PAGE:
Blaming Egan easy way out, court told

PUBLISHED : Friday, 19 May, 2006, 12:00am
UPDATED : Friday, 19 May, 2006, 12:00am

The solicitor for the South China Morning Post advised one of its reporters to 'blame it all on someone else' when the journalist was asked to assist an ICAC investigation into an alleged leak of the identity of a witness protection programme participant to the press, a court heard yesterday.

John McNamara, counsel for barrister Kevin Egan, urged Chief District Judge Barnabas Fung Wah against relying on the testimony of Magdalen Chow Yin-ling, the Post's former chief court reporter.

He argued that Kevin Bowers, then solicitor acting for the newspaper, told her to co-operate with the anti-graft body with the sole aim of getting the newspaper away from trouble.

Egan, 59, and solicitor Andrew Lam Ping-cheung, 54, deny a joint charge of conspiracy to disclose the identity of a secretary of Semtech International Holdings, Becky Wong Pui-see, as a member of the witness protection programme in July 2004. Egan also pleads not guilty to two alternative counts of attempting to disclose the information to Ms Chow, who was granted immunity as a prosecution witness in the case.

'Bowers purported to advise her, although he was plainly not interested at all in her welfare, simply that of his real client - which was the SCMP,' said Mr McNamara in his closing submission.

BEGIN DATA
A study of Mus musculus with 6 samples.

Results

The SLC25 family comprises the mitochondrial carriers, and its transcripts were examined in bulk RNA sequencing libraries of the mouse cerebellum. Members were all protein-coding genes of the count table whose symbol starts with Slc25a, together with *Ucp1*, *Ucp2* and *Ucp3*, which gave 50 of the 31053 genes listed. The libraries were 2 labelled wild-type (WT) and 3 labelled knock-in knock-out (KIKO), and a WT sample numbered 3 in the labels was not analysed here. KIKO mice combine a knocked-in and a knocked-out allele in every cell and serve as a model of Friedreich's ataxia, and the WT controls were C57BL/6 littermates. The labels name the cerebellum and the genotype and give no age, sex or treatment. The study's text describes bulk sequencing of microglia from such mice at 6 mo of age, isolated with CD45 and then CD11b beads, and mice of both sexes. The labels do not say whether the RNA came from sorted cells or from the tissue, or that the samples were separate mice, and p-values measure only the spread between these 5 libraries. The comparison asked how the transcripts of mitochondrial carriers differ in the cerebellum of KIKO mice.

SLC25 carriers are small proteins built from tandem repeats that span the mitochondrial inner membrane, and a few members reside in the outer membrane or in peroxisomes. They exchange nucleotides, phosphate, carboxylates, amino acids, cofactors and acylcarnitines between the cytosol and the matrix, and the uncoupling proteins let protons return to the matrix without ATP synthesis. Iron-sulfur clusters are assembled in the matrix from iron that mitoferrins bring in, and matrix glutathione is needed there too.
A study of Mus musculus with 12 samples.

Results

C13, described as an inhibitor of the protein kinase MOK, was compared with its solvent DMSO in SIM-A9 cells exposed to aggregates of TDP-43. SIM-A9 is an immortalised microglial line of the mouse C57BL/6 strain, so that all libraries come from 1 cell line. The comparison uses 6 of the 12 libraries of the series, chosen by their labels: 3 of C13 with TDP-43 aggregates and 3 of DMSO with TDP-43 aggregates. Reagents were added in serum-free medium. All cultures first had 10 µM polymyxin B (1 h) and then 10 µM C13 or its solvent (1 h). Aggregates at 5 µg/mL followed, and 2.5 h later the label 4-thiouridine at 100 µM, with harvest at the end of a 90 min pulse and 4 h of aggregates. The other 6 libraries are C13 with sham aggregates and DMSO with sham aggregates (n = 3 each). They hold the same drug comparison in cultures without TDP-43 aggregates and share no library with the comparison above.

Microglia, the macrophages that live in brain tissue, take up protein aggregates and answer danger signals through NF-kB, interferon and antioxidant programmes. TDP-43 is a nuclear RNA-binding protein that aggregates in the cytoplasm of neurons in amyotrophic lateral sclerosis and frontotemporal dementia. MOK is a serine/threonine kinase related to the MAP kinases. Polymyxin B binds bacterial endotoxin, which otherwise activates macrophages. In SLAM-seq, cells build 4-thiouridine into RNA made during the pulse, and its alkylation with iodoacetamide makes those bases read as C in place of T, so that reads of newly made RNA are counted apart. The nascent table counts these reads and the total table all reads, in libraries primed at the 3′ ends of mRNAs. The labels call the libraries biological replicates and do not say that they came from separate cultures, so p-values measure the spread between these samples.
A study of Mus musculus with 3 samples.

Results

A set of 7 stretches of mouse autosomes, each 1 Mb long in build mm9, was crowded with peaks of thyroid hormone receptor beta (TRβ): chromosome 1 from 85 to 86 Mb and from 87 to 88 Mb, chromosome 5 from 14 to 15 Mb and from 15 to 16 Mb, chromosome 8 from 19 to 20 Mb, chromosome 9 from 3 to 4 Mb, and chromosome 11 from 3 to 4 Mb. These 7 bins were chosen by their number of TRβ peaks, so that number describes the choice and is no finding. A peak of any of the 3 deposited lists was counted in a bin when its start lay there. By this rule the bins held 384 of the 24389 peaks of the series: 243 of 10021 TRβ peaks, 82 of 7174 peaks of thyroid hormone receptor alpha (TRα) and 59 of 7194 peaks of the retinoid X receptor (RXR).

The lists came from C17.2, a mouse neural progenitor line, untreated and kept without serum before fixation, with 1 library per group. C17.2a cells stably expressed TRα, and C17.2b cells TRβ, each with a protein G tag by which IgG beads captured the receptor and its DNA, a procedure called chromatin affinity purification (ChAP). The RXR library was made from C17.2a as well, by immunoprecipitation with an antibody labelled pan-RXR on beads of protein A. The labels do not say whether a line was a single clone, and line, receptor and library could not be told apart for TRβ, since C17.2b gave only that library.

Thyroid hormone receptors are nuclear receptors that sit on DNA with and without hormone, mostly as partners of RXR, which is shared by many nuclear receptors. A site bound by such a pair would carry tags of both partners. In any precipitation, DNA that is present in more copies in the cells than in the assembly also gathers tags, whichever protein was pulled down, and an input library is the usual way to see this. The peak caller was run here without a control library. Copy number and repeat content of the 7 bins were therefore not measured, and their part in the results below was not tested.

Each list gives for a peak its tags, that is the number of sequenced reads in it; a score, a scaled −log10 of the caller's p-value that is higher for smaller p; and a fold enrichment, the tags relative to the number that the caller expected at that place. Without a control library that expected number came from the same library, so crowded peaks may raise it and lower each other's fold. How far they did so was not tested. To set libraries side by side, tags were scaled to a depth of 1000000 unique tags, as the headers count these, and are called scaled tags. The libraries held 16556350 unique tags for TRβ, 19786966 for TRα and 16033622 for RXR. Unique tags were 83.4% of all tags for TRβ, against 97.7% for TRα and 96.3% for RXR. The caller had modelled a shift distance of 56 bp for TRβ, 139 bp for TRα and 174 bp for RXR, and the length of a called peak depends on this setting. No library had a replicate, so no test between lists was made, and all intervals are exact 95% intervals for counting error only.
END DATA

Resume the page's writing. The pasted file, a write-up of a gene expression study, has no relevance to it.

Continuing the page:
'Had she received independent advice, she would no doubt have been advised to remain silent. However, on Bowers' advice, a group deal was done, and she was no doubt instructed to comply: 'You tell the ICAC where you got the information - in other words, blame someone else - give evidence to that effect and you, the editor, anyone else at the paper and the company itself would not be prosecuted',' the counsel said.

'She had to blame someone. It was easy to blame Mr Egan,' he said, adding that the immunity the ICAC granted to Ms Chow and Post editorial staff was 'absolutely extraordinary' and unprecedented. The two lawyers and former Semtech chairman Derek Wong Chong-kwong, 38, and his lover Mandy Chui Man-si, 26, are accused of launching a campaign involving the media and the court to try to pressure the ICAC into releasing Becky Wong, a potential witness against Derek Wong in an investigation on alleged market manipulation. The four defendants deny a joint count of conspiracy to pervert the course of justice.

Ms Chow was described by prosecutor Martin Wilson QC as an 'unshaken and impressive' witness in his closing submission.

The judge will give his verdict in the District Court on June 12.